How Castlevania Nearly Didn't Happen • Page 2

Dave Cox reflects on the ups and downs of making Lords of Shadow.

Eurogamer: Before that fabled meeting?

Dave Cox: Before. We were told we couldn't go ahead with it. I said, well, we've already prepared something. Can I at least come and show you this? And if you don't like it, fine.

We had Simon Belmont coming out of a castle, and a vampire. I don't know if we'll make it available later – maybe we will. It looks a bit crude now. But at the time it was fantastic. I flew to America and I showed this and then, thankfully, we got a stay of execution. They said go to prototype. It was a struggle.

Eurogamer: Was it marketing's job to build up hype for the game before release? Did you, as a developer, care about that kind of thing?

Dave Cox: We didn't intend to create a blockbuster. That wasn't the plan. The plan was to reintroduce Castlevania. We didn't have a multimillion-dollar budget. We didn't have 300 people working on the project. We're a pretty small team. Not a huge budget – middle-size budget if you like. Nothing like the kind of titles we're compared to.

We thought, let's just make a solid entry and reintroduce Castlevania and then take it step by step – see what happens after that. We never looked past this project at all. We just thought, we just want to do it and if this is the last thing we ever do, that's fine.

The hype and build-up was amazing but a little bit scary. You don't expect that. I never expected people to cheer and clap at E3. When I got up on stage I was surprised when everyone went crazy. You just don't expect that – well I certainly didn't.

All the hype and goodwill for the game, you always hope in your mind people will like what you're doing, of course. But you don't expect it. When good things happen, it's great. I'm pleased people like the game. I'm proud of the game on a personal level. If it's the last thing I ever do, I'll be totally happy with that. I'm proud to have my name associated with this game. All the people I worked with on this game sweat blood and tears. We cried together. It's got soul.

I've played it hundreds and hundreds and hundreds of times – I still get chills at certain points in the game. That's a good sign. We have a bit of a joke about it at Mercury Steam. I've got quite hairy arms, so if the hairs on my arms go goink, everyone's like, that's a good barometer that it's working.

Eurogamer: Castlevania is compared to a lot of games. What games is it fairly compared to, and what games is it unfairly compared to?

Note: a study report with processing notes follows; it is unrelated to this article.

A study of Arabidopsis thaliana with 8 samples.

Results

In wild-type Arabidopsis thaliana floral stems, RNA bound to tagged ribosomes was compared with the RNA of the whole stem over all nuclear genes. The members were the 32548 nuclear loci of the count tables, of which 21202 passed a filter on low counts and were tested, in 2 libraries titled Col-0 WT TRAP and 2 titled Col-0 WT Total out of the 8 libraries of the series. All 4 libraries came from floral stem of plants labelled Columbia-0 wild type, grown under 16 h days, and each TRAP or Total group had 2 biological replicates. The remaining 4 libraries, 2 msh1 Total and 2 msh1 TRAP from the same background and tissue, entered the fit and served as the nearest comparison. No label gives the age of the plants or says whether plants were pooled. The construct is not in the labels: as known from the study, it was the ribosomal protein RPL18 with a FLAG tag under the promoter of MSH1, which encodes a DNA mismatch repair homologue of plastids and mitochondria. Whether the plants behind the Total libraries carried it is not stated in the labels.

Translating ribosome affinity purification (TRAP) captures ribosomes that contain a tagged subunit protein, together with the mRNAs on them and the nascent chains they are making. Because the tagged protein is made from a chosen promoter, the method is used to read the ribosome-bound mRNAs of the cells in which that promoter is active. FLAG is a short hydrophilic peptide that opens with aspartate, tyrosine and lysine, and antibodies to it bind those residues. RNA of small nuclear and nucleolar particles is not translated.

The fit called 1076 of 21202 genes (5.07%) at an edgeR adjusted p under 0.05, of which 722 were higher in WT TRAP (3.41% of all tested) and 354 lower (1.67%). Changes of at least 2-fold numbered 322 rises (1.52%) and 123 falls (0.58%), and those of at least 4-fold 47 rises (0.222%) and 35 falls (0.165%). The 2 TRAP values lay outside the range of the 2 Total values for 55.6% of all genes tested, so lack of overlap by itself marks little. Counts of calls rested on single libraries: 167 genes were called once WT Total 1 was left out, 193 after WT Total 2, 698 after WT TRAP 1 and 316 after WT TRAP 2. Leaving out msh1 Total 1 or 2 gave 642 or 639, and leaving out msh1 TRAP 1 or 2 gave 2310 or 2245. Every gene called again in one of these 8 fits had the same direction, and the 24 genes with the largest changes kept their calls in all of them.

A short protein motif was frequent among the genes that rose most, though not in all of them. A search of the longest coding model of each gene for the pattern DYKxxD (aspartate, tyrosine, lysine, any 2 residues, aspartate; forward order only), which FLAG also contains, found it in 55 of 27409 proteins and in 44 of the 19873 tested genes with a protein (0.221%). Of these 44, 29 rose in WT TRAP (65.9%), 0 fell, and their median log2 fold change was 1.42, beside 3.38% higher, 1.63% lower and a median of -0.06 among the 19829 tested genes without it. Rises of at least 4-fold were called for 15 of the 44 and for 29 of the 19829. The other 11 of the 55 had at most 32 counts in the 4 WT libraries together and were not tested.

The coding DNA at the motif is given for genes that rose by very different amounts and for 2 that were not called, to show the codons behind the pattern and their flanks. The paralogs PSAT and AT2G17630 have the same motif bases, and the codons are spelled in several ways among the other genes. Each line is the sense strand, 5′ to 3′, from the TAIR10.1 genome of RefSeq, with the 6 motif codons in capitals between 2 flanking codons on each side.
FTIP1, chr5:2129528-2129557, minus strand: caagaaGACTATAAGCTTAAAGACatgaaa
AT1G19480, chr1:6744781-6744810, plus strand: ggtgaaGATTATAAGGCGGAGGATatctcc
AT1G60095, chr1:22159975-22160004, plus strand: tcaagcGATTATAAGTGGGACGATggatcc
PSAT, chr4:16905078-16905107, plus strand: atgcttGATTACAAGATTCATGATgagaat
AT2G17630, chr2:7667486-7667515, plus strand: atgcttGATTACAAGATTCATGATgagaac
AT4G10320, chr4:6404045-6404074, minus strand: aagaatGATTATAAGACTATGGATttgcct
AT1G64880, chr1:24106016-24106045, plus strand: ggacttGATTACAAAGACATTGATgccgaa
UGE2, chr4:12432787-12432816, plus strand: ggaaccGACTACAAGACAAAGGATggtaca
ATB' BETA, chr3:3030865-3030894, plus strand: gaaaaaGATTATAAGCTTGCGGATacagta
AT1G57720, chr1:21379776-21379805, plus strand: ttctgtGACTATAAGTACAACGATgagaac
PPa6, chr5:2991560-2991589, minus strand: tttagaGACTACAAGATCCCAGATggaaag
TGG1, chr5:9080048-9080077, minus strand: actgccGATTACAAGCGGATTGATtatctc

Dave Cox: I can understand the comparisons because a lot of people playing games are not aware of the history of Castlevania, and are not as old as I am. So I can understand why people say this game's like God of War, this game's like Uncharted. A lot of this goes on in the games industry anyway, where everything's compared to every other game.

I don't buy the comparisons to God of War. I've never been comfortable with it because we never set out to make a game like God of War. That wasn't the intention, at all.

Eurogamer: But do you understand that comparison?

Dave Cox: I do understand. When I look at it now I do understand. But when you've played enough of it you know it's not like God of War. It's got its little moments, but generally it's not like God of War.

Eurogamer: Gamers, though, have to form opinions based on previews, videos and trailers before release.

Dave Cox: Yeah. The demo we released at E3 was a bit worrying. Players got five minutes to pick the game up, play it, and then walk away. They need to be able to do things straight away. So we gave them the tutorial level, which is very combat-orientated because you're teaching the players combos. We were worried people were going to think it's just like this all the way through. That was a bit of a concern.

But I figured if people have fun with it, then they could read previews and reviews and understand the game is not just about combat in enclosed arenas.

Eurogamer: It's not just like God of War?

Dave Cox: Exactly. So it was a bit of a risk. But at the same time, I didn't want to drop them into a stage, die five times and go f*** that. I don't like it. It was a judgement call.

The game is more akin to the original classic Castlevanias. When we sat down, that was what we wanted to do. We wanted to go back to the classic Vanias, platforming, killing enemies as a guy on his way to the castle with a whip.

And we wanted a journey, like the older games. But a lot of games have taken influence from other games. In God of War, there are a lot of Castlevania influences there. If David Jaffe was here I'd chat with him and say, I'm sure there are some Castlevania things in there, and he'd probably say yeah, of course there are.

So I understand the comparisons, but I hope people see there's more to it than that.

Eurogamer: What about comparisons with Uncharted?

Dave Cox: I love Uncharted 2. I got reported as saying I hated it or something. That's absolutely not true. Uncharted 2, that and Batman [Arkham Asylum] were last year's best games. It's wonderful to be compared to a game like Uncharted.


Wesley Yin-Poole

Wesley Yin-Poole

Deputy Editor

Wesley is Eurogamer's deputy editor. He likes news, interviews, and more news. He also likes Street Fighter more than anyone can get him to shut up about it.